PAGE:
During a meeting with local health leaders, I noticed an interesting phenomenon: compassion fatigue. Burnout is common in healthcare, and the pandemic added untold stress to health workers around the world. But in addition to facing long hours and near-daily traumas, doctors and nurses are also expected to show empathy and compassion to millions of scared patients, along with their families. Many people get into healthcare to provide this sort of care, to soothe minds and heal bodies. But many reach the point where they’re not sure how much left they have to give.

Each of us feels this about our jobs sometimes, even if the stakes are much lower. We might feel a tiny tinge of dread on the commute to work, or confide to our friends that our heart just isn’t in it anymore. Staying is wearisome, but change is scary. So, we become content with our discontent.

But what if it were possible to change our minds about the situation? What if we could recommit?

Think back to a job offer you were truly excited to receive. Immediately, you were imagining yourself in your new role. You were optimistic about your future with the company and believed you would be happy there.

Then you walked into the office on the first day, and the reality of the job gradually began to replace your vision of it. Your coworkers became real people, not hypotheticals; the projects and meetings and deadlines started taking up more space until they defined your idea of the job. After a while, you realized how far reality had strayed from your predictions. Your optimism seemed strange and naive in retrospect.

This sounds like disenchantment, and it may well be, but it’s also a natural and healthy process. We change our expectations when confronted with new information. However, if left unchecked, dissatisfaction can cause us to forget why we wanted the job in the first place. The good news is, we can always begin again.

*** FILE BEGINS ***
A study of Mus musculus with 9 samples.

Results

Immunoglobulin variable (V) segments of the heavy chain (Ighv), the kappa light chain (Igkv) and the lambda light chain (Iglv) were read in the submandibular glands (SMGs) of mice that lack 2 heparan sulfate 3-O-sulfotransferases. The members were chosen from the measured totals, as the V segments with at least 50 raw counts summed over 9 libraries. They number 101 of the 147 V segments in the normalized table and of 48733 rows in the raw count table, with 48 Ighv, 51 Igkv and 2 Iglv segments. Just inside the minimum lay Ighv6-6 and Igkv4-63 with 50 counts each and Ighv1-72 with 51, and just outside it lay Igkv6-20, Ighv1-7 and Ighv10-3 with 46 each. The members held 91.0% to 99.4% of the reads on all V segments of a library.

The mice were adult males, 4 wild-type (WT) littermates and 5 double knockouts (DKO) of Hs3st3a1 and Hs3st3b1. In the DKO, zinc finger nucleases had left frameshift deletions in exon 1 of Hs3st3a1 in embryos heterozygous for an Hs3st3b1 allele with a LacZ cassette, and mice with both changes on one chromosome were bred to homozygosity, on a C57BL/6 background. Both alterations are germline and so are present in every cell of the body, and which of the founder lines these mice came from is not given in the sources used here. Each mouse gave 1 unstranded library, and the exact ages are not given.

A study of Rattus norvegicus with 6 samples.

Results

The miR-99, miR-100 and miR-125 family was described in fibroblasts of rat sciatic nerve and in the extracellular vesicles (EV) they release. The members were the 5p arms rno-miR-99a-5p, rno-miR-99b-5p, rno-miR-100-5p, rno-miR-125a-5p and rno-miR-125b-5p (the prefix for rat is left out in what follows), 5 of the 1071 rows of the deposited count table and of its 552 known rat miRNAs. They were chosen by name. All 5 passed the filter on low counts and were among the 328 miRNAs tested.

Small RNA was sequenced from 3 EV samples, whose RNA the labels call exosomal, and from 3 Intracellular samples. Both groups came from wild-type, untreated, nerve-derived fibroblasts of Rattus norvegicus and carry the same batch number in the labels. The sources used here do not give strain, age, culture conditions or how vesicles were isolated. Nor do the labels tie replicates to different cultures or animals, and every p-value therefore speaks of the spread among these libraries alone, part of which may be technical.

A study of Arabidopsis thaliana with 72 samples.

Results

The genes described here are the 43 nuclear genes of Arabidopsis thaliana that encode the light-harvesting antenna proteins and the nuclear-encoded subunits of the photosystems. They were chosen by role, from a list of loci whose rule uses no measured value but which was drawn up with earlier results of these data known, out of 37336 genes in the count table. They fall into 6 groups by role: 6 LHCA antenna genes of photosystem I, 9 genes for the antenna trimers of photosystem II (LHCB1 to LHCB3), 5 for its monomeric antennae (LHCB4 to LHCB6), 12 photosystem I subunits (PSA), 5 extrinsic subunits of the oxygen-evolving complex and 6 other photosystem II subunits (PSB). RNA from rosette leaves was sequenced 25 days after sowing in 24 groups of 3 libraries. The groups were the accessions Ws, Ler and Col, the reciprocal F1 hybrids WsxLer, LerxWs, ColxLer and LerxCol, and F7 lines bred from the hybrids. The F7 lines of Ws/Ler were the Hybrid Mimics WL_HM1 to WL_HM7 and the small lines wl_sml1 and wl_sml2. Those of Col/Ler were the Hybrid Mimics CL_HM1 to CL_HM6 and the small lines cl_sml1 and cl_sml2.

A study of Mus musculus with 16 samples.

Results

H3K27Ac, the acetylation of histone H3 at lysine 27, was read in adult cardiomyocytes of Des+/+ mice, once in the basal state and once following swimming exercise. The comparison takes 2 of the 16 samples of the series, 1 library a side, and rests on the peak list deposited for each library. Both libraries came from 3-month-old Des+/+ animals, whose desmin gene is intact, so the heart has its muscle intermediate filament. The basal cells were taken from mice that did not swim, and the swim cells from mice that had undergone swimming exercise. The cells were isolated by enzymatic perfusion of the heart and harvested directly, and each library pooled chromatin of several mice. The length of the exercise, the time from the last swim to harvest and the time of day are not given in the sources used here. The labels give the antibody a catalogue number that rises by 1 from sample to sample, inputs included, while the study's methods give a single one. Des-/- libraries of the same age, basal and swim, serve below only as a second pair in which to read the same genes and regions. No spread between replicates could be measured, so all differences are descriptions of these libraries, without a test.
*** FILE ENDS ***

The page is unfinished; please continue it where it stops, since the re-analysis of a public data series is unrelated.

If you’re feeling dissatisfied, take a strategic pause. Breathe deep, and imagine an ideal version of your current job. What would it look like? Would you be in the same role? How would your relationships with your coworkers be different? What would it feel like when you got in your car in the morning to head to the office?

Spend some time in this imaginary world. Focus on the feelings at first, and then on the specific differences between the real and the ideal. Then, begin to identify what you have the power to change. Don’t forget that you are an agent–you can’t control your environment, but you can influence it. Through sustained action, you can align your current role more closely with what you have envisioned, and recapture that old optimism. It won’t be naive anymore.

We call this practice image ideal leadership. The very act of imagining a better situation gets the gears turning. But sustained momentum requires a plan. Take some of the gaps you’ve identified and brainstorm ways to close them. Set some goals. The change won’t come all at once, but a clear vision and consistent action will bring you closer to your ideal image. Identify, imagine, and act.

Sometimes, it’s difficult to get out of your own head. Small groups are fantastic venues for image ideal practices. New ideas and fresh takes can unclog the mind, and including other people in the process helps generate accountability.

Don’t be afraid to begin again. Recommitting to your work can be as simple as a slight change in mindset. It’s always possible to make a change, provided you’re willing to use some imagination.

This blog draws on ideas discussed in an episode of the Get Emergent podcast I recorded with Ralph Simone. For more advice on this important subject, listen to the episode here. If you want us to help you on your journey toward an engaged and exciting work life, don’t hesitate to contact me at

This Post Has 3 Comments

  1. Thanks for this Bill. What perfect timing for such a profound message! Your mind is a powerful tool when used in a healthy way.

  2. We find it tough to change with the same routine’s day in and day out. Great idea to stop and think about how things can be and get better.

  3. Great perspective. Pausing to think about things in a positive light and envisioning how you, as an individual, can improve them is a much better path than focusing on a current state you are dissatisfied with.